SAN FRANCISCO (CBS SF) -- In an effort to create a city-run electric utility in San Francisco, mayor London Breed and city attorney Dennis Herrera issued a statement Sunday outlining an offer to pay $2.5 billion to acquire Pacific Gas and Electric Co. power infrastructure serving the city.

The statement, which the mayor's office labeled "historic," reads:

The City and County of San Francisco has taken an important step toward energy independence by submitting an official offer letter to Pacific Gas and Electric Company (PG&E) of $2.5 billion for the acquisition of electric distribution and transmission assets that serve San Francisco. Following PG&E's bankruptcy protection filing in January, the City began a study to consider the feasibility of purchasing PG&E infrastructure. This marks the culmination of months of hard work from the City and its advisors on that effort.

Our offer to PG&E is the result of detailed financial analysis conducted by industry experts and encompassing an extensive examination into the company's assets in San Francisco. The offer we are putting forth is competitive, fair and equitable. It will offer financial stability for PG&E, while helping the City expand upon our efforts to provide reliable, safe, clean and affordable electricity to the residents and businesses of San Francisco. It also considers equity for PG&E's remaining customers and the City's responsibility for ongoing costs.

We look forward to positive, collaborative discussions with PG&E on this critical issue. Throughout this process we will protect the best interests of our City as we strive toward the independent energy future that San Francisco deserves.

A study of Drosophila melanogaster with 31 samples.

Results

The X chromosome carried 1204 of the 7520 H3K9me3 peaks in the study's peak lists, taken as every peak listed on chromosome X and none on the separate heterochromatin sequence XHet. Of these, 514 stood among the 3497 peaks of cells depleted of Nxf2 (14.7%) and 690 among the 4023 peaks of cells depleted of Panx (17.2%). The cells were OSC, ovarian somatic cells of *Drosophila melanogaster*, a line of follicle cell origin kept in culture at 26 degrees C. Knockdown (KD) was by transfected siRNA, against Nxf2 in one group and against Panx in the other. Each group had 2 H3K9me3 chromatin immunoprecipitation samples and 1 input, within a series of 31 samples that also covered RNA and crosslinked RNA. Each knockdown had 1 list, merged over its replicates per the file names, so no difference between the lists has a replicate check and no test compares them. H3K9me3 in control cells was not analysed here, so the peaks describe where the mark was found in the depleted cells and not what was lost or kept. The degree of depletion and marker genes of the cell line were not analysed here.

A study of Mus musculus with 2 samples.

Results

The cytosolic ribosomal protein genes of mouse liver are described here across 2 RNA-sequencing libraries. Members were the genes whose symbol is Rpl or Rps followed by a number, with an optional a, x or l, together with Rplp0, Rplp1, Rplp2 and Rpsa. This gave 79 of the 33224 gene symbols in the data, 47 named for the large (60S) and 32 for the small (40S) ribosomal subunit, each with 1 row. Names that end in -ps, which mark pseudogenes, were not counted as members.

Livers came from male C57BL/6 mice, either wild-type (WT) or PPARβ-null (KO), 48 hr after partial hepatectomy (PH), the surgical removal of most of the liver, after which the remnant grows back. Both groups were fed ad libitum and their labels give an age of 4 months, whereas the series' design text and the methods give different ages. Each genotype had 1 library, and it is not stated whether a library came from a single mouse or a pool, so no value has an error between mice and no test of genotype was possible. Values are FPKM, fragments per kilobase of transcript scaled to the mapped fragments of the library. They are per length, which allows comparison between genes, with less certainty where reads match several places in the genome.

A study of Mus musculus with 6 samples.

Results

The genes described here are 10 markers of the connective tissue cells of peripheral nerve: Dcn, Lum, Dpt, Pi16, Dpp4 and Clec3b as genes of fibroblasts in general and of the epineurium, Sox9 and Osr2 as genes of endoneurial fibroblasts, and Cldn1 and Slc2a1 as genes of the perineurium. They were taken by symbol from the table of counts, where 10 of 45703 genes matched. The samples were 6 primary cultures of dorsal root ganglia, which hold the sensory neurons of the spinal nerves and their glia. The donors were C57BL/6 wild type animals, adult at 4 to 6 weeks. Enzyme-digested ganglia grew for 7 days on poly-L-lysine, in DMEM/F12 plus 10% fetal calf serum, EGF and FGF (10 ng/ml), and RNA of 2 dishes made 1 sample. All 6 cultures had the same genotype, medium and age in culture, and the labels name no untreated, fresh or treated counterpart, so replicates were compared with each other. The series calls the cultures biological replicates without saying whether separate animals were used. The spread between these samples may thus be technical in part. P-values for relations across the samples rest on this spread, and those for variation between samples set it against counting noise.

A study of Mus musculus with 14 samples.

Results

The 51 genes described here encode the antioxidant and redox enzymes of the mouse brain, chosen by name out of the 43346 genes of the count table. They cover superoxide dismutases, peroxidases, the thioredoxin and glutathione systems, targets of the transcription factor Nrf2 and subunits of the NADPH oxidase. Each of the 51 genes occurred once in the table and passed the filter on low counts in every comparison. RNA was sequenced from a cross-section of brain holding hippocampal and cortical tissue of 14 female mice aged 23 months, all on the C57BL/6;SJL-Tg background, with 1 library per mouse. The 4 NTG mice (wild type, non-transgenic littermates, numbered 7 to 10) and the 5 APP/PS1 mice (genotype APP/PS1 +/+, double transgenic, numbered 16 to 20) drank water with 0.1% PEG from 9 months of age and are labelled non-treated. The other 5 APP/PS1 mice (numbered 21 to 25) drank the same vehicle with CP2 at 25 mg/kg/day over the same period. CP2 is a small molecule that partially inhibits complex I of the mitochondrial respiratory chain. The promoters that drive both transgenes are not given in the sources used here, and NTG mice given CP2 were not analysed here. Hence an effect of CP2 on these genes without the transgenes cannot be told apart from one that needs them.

Last November, voters passed Proposition A which authorized San Francisco's public utilities commission to issue bonds to pay for power and electrical facilities without having to obtain voter approval.

If a deal were to be achieved San Francisco would operate California's third-largest city-run electric utility, behind Los Angeles Department of Water and Power and the Sacramento MUD.

State Sen. Jerry Hill (D-San Mateo), a frequent critic of PG&E, was upbeat in an interview with KCBS radio on Sunday.

"We've seen throughout California where cities and municipalities have controlled and owned and operated their utilities that they have a very successful operation and a very safe operation," Hill said.

"San Francisco certainly has a history of having their own public utilities with the Hetch Hetchy (water supply system) and the operation that they've had for many years. So there's an opportunity here."

In a statement, PG&E disagreed with the notion that selling assets to San Francisco would benefit ratepayers or investors.

"We all agree on the importance of continuing to serve the citizens of San Francisco with safe, clean, affordable and reliable energy," the statement read. "PG&E has been a part of San Francisco since the company's founding more than a century ago, and while we don't believe municipalization is in the best interests of our customers and stakeholders, we are committed to working with the City and will remain open to communication on this issue."